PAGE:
A lot of help from a little guy
At 10-1/2 months old, my son, Clarke, already had an impressive list of chores. Before you dismiss me as an overbearing parent, though, please know that neither I nor my husband have ever assigned anything for him to do but fill our lives with joy. And yet he has his own mind about how things should be done.
For instance, Clarke took it upon himself to help out around the house. I can't say that I blame him – even a drooling crawler can identify a mess. But I didn't mind the clutter as much as Clarke did. When you need to get into everything high and low, as he does, access becomes imperative.
Clarke's first chore consisted of cleaning our floors. He methodically crawled throughout the house, like those nifty robotic vacuum cleaners, collecting all the pet hairs and dust bunnies along his tummy. You'd have thought his clothes were Velcro-coated.
Next, Clarke tackled some kitchen chores. When Daddy opened the dishwasher for the dishes to dry, Clarke was on hand, helping remove cooking utensils and Tupperware containers. He became so fond of removing and replacing a certain yellow plastic spatula that its home is now Clarke's toy box.
In the bedroom, Clarke discovered a laundry hamper overflowing with Daddy's clothes. He decided to lend a hand – and another and another. Before long, Clarke had several piles of clothes all around him. Motivated by Clarke's strong work ethic, Daddy was soon facing his long-neglected laundry.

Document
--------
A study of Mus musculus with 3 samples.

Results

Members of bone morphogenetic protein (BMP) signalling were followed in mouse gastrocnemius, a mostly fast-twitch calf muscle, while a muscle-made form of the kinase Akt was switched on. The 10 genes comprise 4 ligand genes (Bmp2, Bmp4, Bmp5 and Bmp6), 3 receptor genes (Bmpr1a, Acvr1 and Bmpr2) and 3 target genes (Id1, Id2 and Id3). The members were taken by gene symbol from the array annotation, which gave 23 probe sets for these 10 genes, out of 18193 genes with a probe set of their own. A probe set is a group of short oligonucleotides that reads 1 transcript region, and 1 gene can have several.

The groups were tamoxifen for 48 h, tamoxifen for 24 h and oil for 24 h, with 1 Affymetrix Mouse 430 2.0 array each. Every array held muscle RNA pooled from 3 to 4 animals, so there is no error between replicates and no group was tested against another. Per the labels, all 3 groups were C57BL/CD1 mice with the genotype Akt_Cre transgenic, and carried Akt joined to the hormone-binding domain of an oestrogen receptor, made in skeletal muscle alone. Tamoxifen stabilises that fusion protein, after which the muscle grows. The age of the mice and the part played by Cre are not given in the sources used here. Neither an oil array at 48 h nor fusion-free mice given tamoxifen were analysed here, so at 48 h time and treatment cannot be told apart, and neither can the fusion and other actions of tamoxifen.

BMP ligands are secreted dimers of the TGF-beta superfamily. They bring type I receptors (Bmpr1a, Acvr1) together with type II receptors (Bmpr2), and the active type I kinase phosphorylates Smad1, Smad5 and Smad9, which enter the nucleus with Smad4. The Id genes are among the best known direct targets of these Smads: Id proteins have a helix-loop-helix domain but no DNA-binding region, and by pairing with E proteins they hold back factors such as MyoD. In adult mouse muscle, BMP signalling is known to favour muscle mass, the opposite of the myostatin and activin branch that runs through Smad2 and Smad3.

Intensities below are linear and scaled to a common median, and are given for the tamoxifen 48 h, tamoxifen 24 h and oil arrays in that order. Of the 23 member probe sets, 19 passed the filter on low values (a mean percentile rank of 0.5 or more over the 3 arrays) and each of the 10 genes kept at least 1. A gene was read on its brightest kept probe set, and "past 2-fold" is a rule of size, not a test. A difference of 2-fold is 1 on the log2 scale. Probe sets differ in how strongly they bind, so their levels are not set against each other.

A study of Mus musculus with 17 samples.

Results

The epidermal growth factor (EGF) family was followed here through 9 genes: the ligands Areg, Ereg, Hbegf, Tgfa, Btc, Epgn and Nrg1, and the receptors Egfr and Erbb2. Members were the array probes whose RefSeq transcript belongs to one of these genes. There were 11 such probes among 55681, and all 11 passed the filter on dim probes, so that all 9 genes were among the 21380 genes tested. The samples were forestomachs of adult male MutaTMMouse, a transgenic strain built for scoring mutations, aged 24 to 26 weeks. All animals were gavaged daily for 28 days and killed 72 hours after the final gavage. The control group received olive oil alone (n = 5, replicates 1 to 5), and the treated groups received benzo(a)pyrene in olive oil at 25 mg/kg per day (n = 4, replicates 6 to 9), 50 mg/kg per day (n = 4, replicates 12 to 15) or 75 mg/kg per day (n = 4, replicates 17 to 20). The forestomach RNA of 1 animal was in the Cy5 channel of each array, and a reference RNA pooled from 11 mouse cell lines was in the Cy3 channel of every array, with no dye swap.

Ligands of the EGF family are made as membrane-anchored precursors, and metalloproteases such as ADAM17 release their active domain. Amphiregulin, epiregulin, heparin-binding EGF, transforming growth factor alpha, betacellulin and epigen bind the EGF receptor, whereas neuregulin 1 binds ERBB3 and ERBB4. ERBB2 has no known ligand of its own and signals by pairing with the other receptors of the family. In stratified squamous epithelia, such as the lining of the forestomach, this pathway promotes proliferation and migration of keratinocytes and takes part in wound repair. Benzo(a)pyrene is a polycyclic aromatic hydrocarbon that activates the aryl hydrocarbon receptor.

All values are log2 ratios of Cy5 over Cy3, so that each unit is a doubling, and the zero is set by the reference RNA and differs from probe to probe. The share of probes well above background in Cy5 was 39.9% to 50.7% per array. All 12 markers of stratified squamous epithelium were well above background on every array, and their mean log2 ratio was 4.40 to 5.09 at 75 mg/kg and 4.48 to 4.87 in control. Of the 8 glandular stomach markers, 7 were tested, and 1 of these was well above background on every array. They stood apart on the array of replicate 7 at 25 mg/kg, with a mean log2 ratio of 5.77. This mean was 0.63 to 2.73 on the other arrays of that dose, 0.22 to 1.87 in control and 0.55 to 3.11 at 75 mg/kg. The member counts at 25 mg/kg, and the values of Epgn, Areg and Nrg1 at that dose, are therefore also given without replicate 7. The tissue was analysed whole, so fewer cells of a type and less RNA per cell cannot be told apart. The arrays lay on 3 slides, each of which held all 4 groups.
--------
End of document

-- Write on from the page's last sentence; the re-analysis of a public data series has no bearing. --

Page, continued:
Clarke giggled and raised his arms in the air. A victory for the little guy! Daddy would have to do his laundry now.
No one tells you that bringing a bundle of joy into the world also means bringing into your life the most meticulous taskmaster. Haven't these baby bosses ever heard of fair-labor practices, five-day workweeks, or vacation time?
As I sketched out a manifesto calling for parents of the world to organize against oppressive infants, Clarke sabotaged my efforts. Across the room, he homed in on the cluttered coffee table. To the floor went the bills, magazines, and catalogs. He turned to me and squealed.
I stopped chopping parsley for dinner and whizzed over. "Yes, Sweetie," I said, "thanks for helping Mommy. I was just about to go through these things."